The French physician and philosopher Julien Offrayde La Mettrie is best known for his "Man a Machine," an incisive and witty exposition of his theory of the dependence of mind on body. Intended for the priesthood, he studied humanities at Coutances, rhetoric at Caen, and logic at the College of Plessis in Paris. At 15 he wrote an apologetic work on Jansenism. But this theological interest was short-lived, and in La Mettrie began 2 years of natural philosophy at the College of Harcourt. He received his degree in medicine at Rheims in and for the next 5 years practiced medicine in his native city.
Trained as a physician, la Mattrie soon fell out with both the medical and ecclesiastical authorities and was exiled first to the Netherlands and then to Frederick the Great's circle of intellectuals at Sans Souci Berlin. Both are collected in the Oeuvres Philosophiques. This paper reviews these two ground-breaking tracts noting that, although they are both materialistic, and hence worthy of the odium theologicum into which they fell, they are not materialistic in the Cartesian sense.
La Mettrie is dismissive of the Cartesian concept of inanimate matter and the related notion of the 'beast-machine'. Instead, he sees an unbroken continuity between humans and the rest of nature. His vision is in many ways far ahead of its time and prefigures some of the dilemmas and concerns which our evolutionary neuroscience presents today: how is consciousness related to the goings on in the cerebrum? How can we be held responsible for what we do if all is material? His biographer, Raymond Boissier, writes that we can recognise in him an obscure predecessor of Lamarck and a prophet of things to come.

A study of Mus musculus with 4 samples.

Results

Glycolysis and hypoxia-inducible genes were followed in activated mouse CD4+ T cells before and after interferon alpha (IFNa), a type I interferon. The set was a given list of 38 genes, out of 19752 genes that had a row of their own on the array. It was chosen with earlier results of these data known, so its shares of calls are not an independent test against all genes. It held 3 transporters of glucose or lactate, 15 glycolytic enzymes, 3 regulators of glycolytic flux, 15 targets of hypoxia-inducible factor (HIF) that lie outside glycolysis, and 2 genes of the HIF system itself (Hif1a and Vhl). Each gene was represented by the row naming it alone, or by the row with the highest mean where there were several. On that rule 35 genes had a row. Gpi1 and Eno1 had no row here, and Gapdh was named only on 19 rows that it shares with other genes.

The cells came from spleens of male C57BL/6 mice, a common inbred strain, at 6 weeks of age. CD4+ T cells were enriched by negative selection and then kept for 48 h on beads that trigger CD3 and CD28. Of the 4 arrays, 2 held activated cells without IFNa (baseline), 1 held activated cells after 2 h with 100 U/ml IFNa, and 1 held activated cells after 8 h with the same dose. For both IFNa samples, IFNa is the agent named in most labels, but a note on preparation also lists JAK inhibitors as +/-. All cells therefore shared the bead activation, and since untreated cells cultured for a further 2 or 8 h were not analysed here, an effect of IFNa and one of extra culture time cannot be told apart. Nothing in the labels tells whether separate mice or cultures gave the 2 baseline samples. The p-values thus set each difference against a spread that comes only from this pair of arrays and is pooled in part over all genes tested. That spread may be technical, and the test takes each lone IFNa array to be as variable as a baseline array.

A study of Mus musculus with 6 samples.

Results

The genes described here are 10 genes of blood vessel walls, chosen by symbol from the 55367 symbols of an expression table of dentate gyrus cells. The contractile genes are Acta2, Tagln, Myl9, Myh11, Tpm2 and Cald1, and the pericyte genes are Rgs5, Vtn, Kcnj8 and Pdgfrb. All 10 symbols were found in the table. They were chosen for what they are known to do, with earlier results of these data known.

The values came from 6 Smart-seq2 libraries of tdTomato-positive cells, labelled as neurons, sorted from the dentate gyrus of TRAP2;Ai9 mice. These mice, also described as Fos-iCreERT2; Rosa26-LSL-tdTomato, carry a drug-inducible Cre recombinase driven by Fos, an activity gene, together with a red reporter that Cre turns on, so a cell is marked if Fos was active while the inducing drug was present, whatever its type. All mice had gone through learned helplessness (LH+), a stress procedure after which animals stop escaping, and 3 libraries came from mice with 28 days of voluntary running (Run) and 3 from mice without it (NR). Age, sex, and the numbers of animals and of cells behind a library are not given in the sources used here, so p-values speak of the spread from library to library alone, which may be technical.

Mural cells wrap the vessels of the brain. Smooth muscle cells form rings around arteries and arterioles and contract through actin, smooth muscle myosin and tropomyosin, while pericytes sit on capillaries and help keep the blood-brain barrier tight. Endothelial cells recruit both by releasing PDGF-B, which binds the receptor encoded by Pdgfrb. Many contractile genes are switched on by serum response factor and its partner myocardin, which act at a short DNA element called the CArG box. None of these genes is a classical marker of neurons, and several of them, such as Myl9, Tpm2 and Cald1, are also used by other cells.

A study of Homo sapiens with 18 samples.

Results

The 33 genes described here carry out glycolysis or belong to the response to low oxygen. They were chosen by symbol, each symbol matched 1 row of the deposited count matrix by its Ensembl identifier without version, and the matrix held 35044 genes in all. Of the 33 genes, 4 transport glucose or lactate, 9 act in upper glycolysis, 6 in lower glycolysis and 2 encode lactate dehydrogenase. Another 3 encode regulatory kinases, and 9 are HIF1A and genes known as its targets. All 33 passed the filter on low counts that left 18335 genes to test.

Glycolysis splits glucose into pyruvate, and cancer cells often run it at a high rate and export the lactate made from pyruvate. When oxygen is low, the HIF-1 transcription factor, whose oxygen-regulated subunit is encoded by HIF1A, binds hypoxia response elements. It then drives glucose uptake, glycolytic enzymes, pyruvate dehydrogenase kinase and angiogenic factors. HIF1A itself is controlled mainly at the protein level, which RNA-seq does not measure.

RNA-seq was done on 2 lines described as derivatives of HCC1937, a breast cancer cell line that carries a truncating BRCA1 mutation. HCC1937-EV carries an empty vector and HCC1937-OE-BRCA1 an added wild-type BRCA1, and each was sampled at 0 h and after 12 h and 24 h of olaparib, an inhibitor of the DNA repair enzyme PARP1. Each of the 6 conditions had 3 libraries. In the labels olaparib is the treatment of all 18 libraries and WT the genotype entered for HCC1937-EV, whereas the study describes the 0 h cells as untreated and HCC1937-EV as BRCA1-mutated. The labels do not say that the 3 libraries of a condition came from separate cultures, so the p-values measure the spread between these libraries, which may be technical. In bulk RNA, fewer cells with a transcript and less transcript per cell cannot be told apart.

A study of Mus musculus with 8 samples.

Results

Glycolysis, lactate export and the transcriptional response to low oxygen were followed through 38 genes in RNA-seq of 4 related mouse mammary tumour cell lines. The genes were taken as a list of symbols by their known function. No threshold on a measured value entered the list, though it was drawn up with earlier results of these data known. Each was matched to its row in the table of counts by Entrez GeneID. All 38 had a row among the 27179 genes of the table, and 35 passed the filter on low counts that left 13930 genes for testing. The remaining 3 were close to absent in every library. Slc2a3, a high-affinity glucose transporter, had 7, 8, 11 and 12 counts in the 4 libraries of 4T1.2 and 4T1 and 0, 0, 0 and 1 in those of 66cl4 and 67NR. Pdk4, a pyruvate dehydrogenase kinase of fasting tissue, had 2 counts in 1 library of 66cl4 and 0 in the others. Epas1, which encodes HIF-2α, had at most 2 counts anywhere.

PMID: French. Smith CU. J Hist Neurosci. PMID: Walusinski O. Eur Neurol. Epub Jan Marin Cureau de La Chambre , a 17th-century pioneer in neuropsychology. Rev Neurol Paris. Epub Jul PMID: Review. Chebili S. Show more similar articles See all similar articles. Publication types Biography Actions. Historical Article Actions. Portrait Actions. MeSH terms France Actions. History, 18th Century Actions. Search in PubMed Add to Search. Copy Download.
Julien Offroy de La Mettrie
He completed his training after another year at Leiden under the renowned Hermann Boerhaave, whose influence on him was decisive. From on, La Mettrie practiced medicine in the Saint-Malo district. Toward the end of , however, he left abruptly for Paris and soon thereafter embarked on the adventurous and harried career that lasted until his death. Between and he served as an army doctor in the War of the Austrian Succession. Its author, now regarded by the public as the most daring and dangerous of the Philosophes, was forced to flee again, this time to the court of Frederick II of Prussia, where he was appointed a member of the Royal Academy of Sceiences, as well as reader and physician to the king. In this protected situation he continued to write tracts on scientific and philosophical subjects that shocked the conventional-minded.
Man a Machine
The year marks the th anniversary of la Mettrie's death. This paper commemorates his stormy life and the contribution he made to the neurosciences. Trained as a physician, la Mattrie soon fell out with both the medical and ecclesiastical authorities and was exiled first to the Netherlands and then to Frederick the Great's circle of intellectuals at Sans Souci Berlin. Both are collected in the Oeuvres Philosophiques. This paper reviews these two ground-breaking tracts noting that, although they are both materialistic, and hence worthy of the odium theologicum into which they fell, they are not materialistic in the Cartesian sense.